One of the things I strive for in a cookie is for it to be equal parts delicious and beautiful. When testing and perfecting my gingerbread cookie recipe for The Cookie Book I wanted it to be the unicorn of gingerbread cookies: a heavenly combination of spice and chew with a bit of the holidays in every bite. The natural next step for this cookie was to be transformed into a gingerbread house. Not just any gingerbread house, but a petite gingerbread house that would be easy to make, delicious to dive into to (should the mood hit) and multipurpose: is it a gift? A snack? A holiday table place-setting? Yes, yes and yes!
It is so easy to grab one of those ready-made gingerbread kits at the store, but this year I’m going have to ask you to refrain and embark on the meditative and blood-pressure-lowering activity that is gingerbread house making. Set aside a day and intertwine periods of baking, assembly and decorating with intermittent naps, magazine reading, and baths.
While we typically don't think of gingerbread assembly as relaxing, the petite-ness of this one makes it much more manageable than building say, a gingerbread highrise (save that for next year). I've broken everything down here, from how to create your own petite gingerbread house pattern to some easy decorating ideas: think stiff royal icing and pretty sprinkles. And really, what more do we need in life?
Make a single batch of gingerbread dough and follow the recipe through to putting it in the fridge. Let sit in the fridge several hours (I prefer overnight). Roll out dough on parchment to between 1/4- to 1/2-inch thick, trying to make it as uniform as possible. Place in the fridge for 30 minutes or the freezer for 15 minutes.
I created my house pattern by using grid paper (the kind where 4 squares = 1 inch). I did this because you can easily download this off of the internet and you don’t need any special equipment for it.
- Sides (x2) 2 x 2 inches
- Roof (x2) 3 x 2 ½ inches
Front/Back (x2) Is a square + triangle attached; the square is 2 x 2 inches and the attached triangle is 2 inches tall at its highest point, and then just slope down to connect it. It doesn’t have to be perfect.
The house sits atop a 4-inch circle base.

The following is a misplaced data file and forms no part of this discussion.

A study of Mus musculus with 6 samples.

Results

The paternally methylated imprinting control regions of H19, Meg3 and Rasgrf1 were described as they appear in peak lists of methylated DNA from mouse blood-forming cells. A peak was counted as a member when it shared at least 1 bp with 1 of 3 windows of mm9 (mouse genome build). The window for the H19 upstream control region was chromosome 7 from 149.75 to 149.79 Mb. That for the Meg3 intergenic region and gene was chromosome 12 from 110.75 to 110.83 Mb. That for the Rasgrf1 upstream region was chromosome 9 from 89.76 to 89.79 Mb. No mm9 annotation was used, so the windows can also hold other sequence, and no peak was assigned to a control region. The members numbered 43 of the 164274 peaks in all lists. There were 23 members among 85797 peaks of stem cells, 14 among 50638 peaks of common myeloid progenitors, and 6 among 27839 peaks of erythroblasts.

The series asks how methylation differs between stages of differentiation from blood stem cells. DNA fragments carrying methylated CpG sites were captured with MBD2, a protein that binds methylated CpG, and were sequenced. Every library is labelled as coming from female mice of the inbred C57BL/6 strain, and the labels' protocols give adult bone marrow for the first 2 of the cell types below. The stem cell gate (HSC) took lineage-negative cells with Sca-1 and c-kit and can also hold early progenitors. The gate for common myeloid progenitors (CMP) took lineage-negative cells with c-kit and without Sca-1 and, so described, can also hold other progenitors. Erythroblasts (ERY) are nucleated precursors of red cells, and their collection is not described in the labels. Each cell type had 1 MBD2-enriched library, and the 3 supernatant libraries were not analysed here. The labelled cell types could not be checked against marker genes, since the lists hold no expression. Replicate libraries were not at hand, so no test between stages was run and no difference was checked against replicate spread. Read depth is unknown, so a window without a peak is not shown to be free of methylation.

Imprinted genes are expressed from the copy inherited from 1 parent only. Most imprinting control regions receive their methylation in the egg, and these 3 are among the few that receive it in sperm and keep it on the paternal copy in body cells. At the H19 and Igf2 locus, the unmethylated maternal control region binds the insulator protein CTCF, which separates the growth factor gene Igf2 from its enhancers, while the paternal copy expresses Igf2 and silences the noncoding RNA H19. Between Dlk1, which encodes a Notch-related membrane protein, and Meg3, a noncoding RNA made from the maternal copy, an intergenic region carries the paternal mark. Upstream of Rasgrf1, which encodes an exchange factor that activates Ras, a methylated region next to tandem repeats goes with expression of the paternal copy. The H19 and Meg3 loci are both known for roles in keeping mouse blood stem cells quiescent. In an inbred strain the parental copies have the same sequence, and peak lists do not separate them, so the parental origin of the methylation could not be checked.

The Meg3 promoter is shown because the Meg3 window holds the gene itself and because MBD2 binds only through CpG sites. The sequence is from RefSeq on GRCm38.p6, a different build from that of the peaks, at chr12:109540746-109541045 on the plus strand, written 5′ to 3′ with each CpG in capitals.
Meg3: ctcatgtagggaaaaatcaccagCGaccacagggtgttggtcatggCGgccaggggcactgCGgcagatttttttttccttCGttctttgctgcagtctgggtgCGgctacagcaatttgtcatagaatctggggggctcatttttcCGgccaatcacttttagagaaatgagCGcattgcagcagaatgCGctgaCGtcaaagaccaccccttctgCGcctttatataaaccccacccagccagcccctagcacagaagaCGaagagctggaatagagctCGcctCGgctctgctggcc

The master gingerbread recipe makes 5 of these houses; re-rolling the dough once and using the excess dough to cut out stars, chimneys or whatever kind of adornment you might be looking for.
Use cutouts to cut out the pieces of the houses. I liked the dough well-chilled for this step and I use an X-acto knife, which I found to be the most precise and easiest method, though you could also use a sharp paring knife. I found that as soon as the dough started to warm up, I needed to put it back in the freezer to firm up, otherwise, the pull of the knife drags and tears the dough, making for misshapen cookies. I also checked frequently to make sure there was a generous dusting of flour beneath the sheet because, with time and handling, the dough will continue to absorb the flour.
Set the cutouts on a parchment-lined baking sheet and freeze for about 10-15 minutes before baking.
Decorate the house and then let the icing dry for at least an hour before assembling.
Use the firmer icing to connect the walls together; let dry for an hour before putting the roof on. I found the icing was firm enough to hold everything together from the beginning, but I set jars around the house to catch anything if it starts to tilt.
Put the cement icing over the top of the house and gently put the roof on top, pressing to adhere. Add another strip of the cement icing down the crack where the two roof halves meet. Let set for 1-2 hours before addisitng any additional decoration.